I thought that these nipples were produced to avoid this exact problem. Why are they still corroding? The inlet nipple has corroded to the point that there is now a tiny drip present.

Edited for adding pics below. I am suspecting that maybe the nipple is corroding from the outside?

Click any image for full size (8Mpixels)

enter image description here enter image description here

    
Not that I am aware of in immediate view, but I will check when I get home tonight. I don't think I have any of that in the home though; just sheathed wiring I think. –  Evil Elf May 15 '12 at 15:26
    
Well, worth a check, but if your whole house is wired with non metallic cable .. probably just a shot in the dark :) –  Tim Post May 15 '12 at 15:28

4 Answers 4

up vote 2 down vote accepted
+50

On second review of the photos, I don't think that the corrosion is due to electrolysis. The dielectric nipples should be adequate to prevent that and there is no sign of issues with the hot connection. As for the T&P connection, if the copper drain pipe does not come into contact with anything then there is no closed circuit for electrolysis to take place.

It looks more like corrosion due to a small leak over a long period of time. A leak that would not have always been noticeable, but would slowly get worse over time. You can see where the water has been dripping and there is signs of calcium buildup.

Like I mentioned in a previous comment, I would inspect the sacrificial anode rod and replace it if needed. As for the cold connection, you could:

  • cut the copper line and unscrew the copper section from the nipple
  • brush the nipple with a steel wire brush to remove the buildup
  • reinstall the copper section using teflon tape and a joint compound on the nipple
  • reconnect the copper line that you cut with a shark bite coupling or a solder coupling if you know how

You could do the same with the T&P connection, just cut the vertical down pipe so that you can remove the copper pipe from the T&P and then remove the T&P, clean and reinstall.

You mentioned that the tank was installed in 2006, so it would be nearing the end of its life expectancy (most residential warranties are for 5 to 6 years) so I would keep an eye on the tank for any leaks.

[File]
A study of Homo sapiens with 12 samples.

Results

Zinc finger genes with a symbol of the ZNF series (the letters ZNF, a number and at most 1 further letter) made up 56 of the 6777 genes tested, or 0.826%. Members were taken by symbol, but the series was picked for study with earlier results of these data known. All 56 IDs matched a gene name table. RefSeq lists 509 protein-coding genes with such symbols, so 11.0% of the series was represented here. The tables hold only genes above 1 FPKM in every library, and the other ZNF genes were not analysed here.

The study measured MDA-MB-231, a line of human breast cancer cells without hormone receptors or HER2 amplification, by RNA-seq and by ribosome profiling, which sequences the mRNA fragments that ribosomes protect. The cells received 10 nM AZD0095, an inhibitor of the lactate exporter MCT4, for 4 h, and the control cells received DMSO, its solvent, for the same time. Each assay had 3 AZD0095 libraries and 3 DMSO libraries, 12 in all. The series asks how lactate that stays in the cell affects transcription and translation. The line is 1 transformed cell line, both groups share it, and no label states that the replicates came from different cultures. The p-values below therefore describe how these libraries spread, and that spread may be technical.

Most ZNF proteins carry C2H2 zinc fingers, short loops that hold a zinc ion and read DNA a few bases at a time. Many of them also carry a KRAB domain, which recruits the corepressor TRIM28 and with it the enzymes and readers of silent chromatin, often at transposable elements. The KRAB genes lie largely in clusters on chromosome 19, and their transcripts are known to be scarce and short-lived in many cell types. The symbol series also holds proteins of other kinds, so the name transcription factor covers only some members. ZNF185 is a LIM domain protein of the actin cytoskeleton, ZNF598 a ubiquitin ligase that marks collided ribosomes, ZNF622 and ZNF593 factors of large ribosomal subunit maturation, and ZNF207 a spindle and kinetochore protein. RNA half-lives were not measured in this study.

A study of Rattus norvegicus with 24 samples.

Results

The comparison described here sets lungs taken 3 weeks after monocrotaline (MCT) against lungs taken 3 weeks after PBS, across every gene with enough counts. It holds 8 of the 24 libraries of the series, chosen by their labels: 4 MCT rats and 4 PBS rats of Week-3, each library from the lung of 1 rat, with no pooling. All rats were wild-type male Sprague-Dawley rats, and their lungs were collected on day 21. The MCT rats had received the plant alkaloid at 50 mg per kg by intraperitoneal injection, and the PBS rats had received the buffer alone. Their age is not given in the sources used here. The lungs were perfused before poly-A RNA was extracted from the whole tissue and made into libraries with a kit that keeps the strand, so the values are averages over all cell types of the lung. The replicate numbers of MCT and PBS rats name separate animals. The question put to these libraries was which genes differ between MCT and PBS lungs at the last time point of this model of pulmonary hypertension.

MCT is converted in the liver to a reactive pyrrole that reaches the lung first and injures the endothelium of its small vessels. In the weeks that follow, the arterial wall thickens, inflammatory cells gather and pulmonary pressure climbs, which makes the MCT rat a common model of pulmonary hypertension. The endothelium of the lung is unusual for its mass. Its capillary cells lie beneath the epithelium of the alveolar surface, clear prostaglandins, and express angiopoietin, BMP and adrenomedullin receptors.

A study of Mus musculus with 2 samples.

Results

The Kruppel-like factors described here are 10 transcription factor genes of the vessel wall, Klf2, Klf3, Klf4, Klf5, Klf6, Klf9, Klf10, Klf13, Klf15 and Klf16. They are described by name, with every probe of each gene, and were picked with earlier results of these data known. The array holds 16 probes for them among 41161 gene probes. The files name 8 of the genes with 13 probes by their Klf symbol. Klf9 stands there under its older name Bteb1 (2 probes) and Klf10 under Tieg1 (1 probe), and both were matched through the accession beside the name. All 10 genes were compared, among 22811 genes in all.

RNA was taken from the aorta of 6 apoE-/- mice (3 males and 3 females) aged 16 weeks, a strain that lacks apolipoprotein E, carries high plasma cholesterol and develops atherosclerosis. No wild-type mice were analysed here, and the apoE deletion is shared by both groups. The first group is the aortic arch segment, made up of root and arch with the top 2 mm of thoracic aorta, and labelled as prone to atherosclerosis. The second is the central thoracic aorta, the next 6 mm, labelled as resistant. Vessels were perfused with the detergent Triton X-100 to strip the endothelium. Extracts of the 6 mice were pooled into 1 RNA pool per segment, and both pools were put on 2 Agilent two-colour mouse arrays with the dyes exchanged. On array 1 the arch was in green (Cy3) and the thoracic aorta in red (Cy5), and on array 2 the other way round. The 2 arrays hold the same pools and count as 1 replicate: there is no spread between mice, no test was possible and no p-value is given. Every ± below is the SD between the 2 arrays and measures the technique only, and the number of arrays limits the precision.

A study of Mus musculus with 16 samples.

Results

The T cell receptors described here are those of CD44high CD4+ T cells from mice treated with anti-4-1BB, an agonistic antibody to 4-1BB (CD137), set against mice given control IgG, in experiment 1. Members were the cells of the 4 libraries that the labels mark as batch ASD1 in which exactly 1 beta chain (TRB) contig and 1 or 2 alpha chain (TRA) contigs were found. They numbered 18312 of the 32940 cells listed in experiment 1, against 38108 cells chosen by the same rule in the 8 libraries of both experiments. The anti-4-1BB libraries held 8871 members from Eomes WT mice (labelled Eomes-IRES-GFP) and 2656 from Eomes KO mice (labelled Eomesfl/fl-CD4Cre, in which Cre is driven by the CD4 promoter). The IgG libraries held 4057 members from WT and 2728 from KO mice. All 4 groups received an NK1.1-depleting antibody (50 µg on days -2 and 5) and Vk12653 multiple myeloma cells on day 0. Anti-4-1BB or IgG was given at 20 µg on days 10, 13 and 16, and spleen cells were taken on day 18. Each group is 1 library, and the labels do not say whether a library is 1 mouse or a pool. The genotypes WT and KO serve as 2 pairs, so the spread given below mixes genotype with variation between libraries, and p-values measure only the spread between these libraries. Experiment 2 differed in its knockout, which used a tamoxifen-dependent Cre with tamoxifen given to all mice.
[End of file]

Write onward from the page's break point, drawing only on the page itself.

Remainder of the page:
I'm thinking that the installation is missing this dialectic union. Your "dialectric" nipple has an ABS plastic coating inside a galvanized steel pipe. If the dialectic union were used in conjunction with this nipple it would provide electrical isolation from the copper - galvanize connection. This document explains this in better detail.

enter image description hereenter image description here

    
Not two devices for the same thing, they both are used together. The nipple is a dialectic on the inside only. You need the union to isolate the currents from the galvanized to copper connection. –  SteveR May 18 '12 at 19:42
    
That makes sense. I am comfortable doing these repairs myself, but how do I know if the inside of the heater is good shape? Check the anode rod? –  Evil Elf May 18 '12 at 20:00
    
Yes, check the anode rod. –  pdd May 18 '12 at 20:42
    
You say the heater is 6yrs old, you should get another 6yrs out of it. Maybe more if you check, replace the anode rod and drain it once a year. –  SteveR May 19 '12 at 16:32

Leave it alone. The inlet and outlet threads on your water heater are plastic. It's a one time deal, you've got to do it right the first time. Wait until you need to replace the water heater. Use all copper next time. Mineral deposits can be sign of leakage, but sometimes the deposits seal the leak.